Inside the condo, he threw the books onto the island in the kitchen and dropped the small baggie from Trevor next to them. Closer to the sink, he set down the bag of gadgets. For his own comfort, he stripped out of his dirty clothes and took a brief shower.
Illuminated blue numbers dictated his every step. Nothing broke his concentration, nothing interrupted the mechanical rhythm he’d created to keep himself aware.
If he were judging by the last time, he had almost three hours to go. It would still be cutting it close, he thought, but what choice did he really have?
In the kitchen, he laid out the emergency supplies he kept in the cabinet in the bathroom: gauze, medical tape, a scalpel, a needle and some stitching thread, rubbing alcohol, and a bottle of bourbon. He cracked open the sub-dermal tracking device and poured over the information pamphlet. It seemed simple enough, and after a few swigs of bourbon right from the bottle, he felt more prepared. He tore into the plastic absurdities that qualified as packaging and read the necessary documents before gathering it all up in a garbage bag.
Still, he had one more thing he wanted to do, before he began.
Graeme was no novice when it came to recreational drugs, but it had been a long time since he’d gotten any speed and, like anyone that had stepped outside of heavy drug use and was suddenly leering back in through the doorway, he was hesitant to go over-board. He wanted to stay awake longer, to maintain his consciousness beyond his previously established limits, not lose his mind.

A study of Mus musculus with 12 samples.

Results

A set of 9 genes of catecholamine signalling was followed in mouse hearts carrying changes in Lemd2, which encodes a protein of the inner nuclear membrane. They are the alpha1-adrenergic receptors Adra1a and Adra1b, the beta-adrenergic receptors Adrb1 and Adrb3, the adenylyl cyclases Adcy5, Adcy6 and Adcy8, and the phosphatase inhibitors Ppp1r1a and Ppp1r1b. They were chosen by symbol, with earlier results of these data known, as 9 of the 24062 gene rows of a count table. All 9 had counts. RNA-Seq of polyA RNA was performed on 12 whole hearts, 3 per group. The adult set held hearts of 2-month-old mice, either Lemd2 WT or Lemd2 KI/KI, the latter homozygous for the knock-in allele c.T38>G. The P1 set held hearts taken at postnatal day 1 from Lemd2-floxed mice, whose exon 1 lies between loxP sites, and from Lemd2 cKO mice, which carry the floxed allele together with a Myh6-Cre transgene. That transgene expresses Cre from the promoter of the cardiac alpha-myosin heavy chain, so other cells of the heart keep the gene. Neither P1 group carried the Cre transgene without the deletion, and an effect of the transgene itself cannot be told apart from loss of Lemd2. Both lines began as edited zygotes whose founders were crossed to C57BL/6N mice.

With care, he shook a little out onto the counter and formed a few lines.
It’s like tearing off a band-aid, he told himself, and took the first hit.
Outside, he attached the vehicle tracker to the underside of his front bumper, tucked back as far as he could get it. Once he’d taken out the trash and cleaned up as much evidence of his scheming as he could, he synced his new devices with his laptop and began hiding things in his condo. Already, his muscles vibrated with energy. Bolting from one room to another, his eyes sought out the best hiding places and calculated the likelihood that they would serve their purpose in seconds. Only when he was certain that the high was fully kicking in did he return to the kitchen.
With cotton balls, he swabbed clean a hard-to-see part of his upper arm, a few inches over the elbow, nearly in the middle of his tricep; then, he sliced into his flesh with the scalpel, making sure to dig into the muscle beneath. Blood pooled over the wound and dripped down off his elbow into the sink. GPS tracker clasped firmly between his fingers, he grit his teeth against the foreignness of a strange object moving through his body and slipped the pill-sized device into the fresh wound.
There was no pain. He only felt discomfort, and stiffness, and the dull aches of fading wounds. He took a few more swigs of bourbon and prepared himself for the back-up GPS device.